Kenyan elections may reopen old tribal wounds



Fears of a return to Kikuyu domination haunt many voters in the first multi-party poll since 1963, reports Mark Huband

The Guardian, 4 December 1992

 

KENYAN political leaders risk reviving ethnic differences in their battle for votes on December 29 in the country’s first multi-party elections since independence in 1963.

Attempts to either overcome or exploit the tribal nature of politics now characterise the four main parties. Their internal alliances, and the tribal origins of their leaders, have become the real issue under scrutiny by the 8 million electors. This has become clearest in areas dominated by the most numerous tribe, the Kikuyu, which forms 21 per cent of the population.

The battle for the 1.6 million votes in the Kikuyu-dominated Central Province will determine the fortunes of the three main opposition parties and have a decisive affect on the outcome of the elections.

Two opposition parties – Kenneth Matiba’s Ford-Asili (Ford-A) and Mwai Kibaki’s Democratic Party (DP) – are led by Kikuyus. Paul Muite, vice-chairman and vice-presidential candidate of Ford-Kenya (Ford-K), the opposition party with the best prospects, is also a Kikuyu. He was pressed to create his own party earlier this year when President Daniel arap Moi’s ruling Kenya African National Union (Kanu) lifted a ban on multi-party politics.

But to avoid the accusation that he was merely seeking the Kikuyu vote, Mr Muite remained with Jaramogi Oginga Odinga’s Ford-K. However, Kikuyu domination of the senior positions among opposition parties has left the tribe’s voters confused about who to vote for. Mr Matiba, a former cabinet minister, has been accused of being unfit to be president since he suffered a stroke while imprisoned during the battle for political reform. He returned from hospital treatment in London in May, well after other opponents of the Moi regime had replaced him as the leading reformer.

Mr Kibaki, a former vice-president, who was demoted to a ministerial post in 1988, is regarded as having missed an opportunity to become a strong opponent of Kanu by accepting his demotion. He did not quit the government until this year. Now the DP is regarded by other tribes as dominated by Kikuyu heavyweights whose return to power is reviving fears of the Kikuyu domination of power experienced under Kenya’s founding president, Jomo Kenyatta,

Memories of Kenyatta and his failure to establish a tribally balanced government haunt Kenya’s non-Kikuyu voters. “A lot of people feel that it is too soon to have another Kikuyu president. But in Central Province you can’t criticise Matiba and Kibaki because they are Kikuyu,” Mr Muite says of the opponents, whom he sees as unlikely to win outright but who will split the Kikuyu vote and could deprive Ford-K of victory.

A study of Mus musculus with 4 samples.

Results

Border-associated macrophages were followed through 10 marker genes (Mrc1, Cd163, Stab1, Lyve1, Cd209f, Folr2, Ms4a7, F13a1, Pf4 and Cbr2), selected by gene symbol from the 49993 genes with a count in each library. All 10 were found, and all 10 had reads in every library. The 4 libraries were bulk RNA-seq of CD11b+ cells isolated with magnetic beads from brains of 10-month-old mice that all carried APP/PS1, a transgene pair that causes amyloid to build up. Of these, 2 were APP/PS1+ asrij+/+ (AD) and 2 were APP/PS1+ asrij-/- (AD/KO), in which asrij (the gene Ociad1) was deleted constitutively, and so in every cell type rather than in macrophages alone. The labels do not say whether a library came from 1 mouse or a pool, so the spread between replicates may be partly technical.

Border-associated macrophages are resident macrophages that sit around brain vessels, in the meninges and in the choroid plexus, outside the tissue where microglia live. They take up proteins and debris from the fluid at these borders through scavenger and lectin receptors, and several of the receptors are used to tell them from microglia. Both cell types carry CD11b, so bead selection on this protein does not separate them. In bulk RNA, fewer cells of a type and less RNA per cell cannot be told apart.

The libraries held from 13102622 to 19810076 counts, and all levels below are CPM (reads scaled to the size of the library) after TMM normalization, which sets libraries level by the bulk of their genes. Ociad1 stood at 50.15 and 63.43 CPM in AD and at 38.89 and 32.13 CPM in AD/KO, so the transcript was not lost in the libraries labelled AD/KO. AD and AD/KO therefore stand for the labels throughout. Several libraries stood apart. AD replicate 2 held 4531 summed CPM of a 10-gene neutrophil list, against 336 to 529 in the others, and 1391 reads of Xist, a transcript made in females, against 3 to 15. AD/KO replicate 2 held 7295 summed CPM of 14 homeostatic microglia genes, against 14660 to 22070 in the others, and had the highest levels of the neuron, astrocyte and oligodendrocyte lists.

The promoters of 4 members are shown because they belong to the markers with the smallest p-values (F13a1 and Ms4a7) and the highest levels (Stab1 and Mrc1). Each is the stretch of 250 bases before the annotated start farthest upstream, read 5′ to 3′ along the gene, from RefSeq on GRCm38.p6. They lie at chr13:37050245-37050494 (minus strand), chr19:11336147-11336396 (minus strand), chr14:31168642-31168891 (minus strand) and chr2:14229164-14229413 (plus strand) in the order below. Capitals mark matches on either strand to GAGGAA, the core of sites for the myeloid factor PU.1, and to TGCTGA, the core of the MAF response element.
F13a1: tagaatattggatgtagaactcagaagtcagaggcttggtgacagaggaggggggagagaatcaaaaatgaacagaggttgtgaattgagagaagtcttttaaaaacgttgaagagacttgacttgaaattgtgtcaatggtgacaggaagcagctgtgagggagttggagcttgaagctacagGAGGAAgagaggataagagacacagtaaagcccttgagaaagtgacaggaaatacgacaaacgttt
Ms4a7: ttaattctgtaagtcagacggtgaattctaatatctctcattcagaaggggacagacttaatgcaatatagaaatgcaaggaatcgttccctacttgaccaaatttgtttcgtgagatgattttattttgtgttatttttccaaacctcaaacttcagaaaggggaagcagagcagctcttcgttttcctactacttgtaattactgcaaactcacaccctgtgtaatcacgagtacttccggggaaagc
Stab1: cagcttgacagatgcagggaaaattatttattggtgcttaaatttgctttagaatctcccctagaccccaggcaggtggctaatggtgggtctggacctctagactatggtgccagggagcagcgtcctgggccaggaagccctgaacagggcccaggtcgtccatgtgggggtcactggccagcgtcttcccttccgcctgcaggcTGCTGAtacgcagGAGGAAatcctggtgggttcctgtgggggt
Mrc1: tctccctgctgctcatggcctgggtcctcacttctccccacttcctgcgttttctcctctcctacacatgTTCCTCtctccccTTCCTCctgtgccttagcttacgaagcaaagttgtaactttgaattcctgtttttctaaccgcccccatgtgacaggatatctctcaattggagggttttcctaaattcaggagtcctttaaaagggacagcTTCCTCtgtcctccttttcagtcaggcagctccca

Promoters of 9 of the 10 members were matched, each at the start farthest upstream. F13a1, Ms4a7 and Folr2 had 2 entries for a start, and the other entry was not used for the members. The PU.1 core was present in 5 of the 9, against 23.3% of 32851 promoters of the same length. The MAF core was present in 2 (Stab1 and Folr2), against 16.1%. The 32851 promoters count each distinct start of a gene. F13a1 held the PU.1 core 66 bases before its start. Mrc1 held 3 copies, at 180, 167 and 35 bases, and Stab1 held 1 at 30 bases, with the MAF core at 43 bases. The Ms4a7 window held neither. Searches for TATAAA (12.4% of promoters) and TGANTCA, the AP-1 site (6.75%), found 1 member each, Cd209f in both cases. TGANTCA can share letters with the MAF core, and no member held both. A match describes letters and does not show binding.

Confusion within the Kikuyu tribe is made more complicated by the tribal make-up of Ford-K and cultural differences between its constituent tribes. Mr Odinga, Kenya’s veteran opposition leader since he split with Kanu in 1966, is from the country’s second largest tribe, the Luo.

“I could never vote for Odinga because he’s not circumcised, so I won’t vote for Muite because he is with him,” said one Kikuyu man at a church service attended by Mr Muite last Sunday in the Kikuyu constituency outside Nairobi, where he is expected to win a seat.

The view is widespread. Apart from his lack of political experience, Mr Muite’s union with Mr Odinga is also expected to encourage Kikuyus to vote for Mr Matiba’s Ford-A or the DP, which are regarded by some as more likely to guard Kikuyu interests.

The attempt at a Kikuyu-Luo alliance in Ford-K may also backfire on Mr Odinga. While Mr Muite says he decided to stand because he wanted to break the tribal political mould, he acknowledges that Luos may not want to vote for the ageing Mr Odinga because of the possibility that he, as a Kikuyu, may become president if the Ford-K chairman died in office.

With the Kikuyu vote split three ways, it is becoming increasingly unlikely that any of the four main parties will secure an overall majority. Winning presidential candidates have to secure at least 25 per cent of the vote in five of the eight provinces to avoid a run-off. The most likely outcome is that a free and fair vote will lead to a coalition in which either a Kikuyu or a Luo should be president.

One observer said: “Kibaki as president without any Luos is like Moi as president without any Kikuyus. The Kikuyus were unfair to Moi during the Kenyatta era because he was from the small Kalenjin tribe, and he saw Kikuyu plots everywhere. But if the president is from a big tribe it means he doesn’t have to spend all his time trying to retain the small tribes’ support in order to survive.”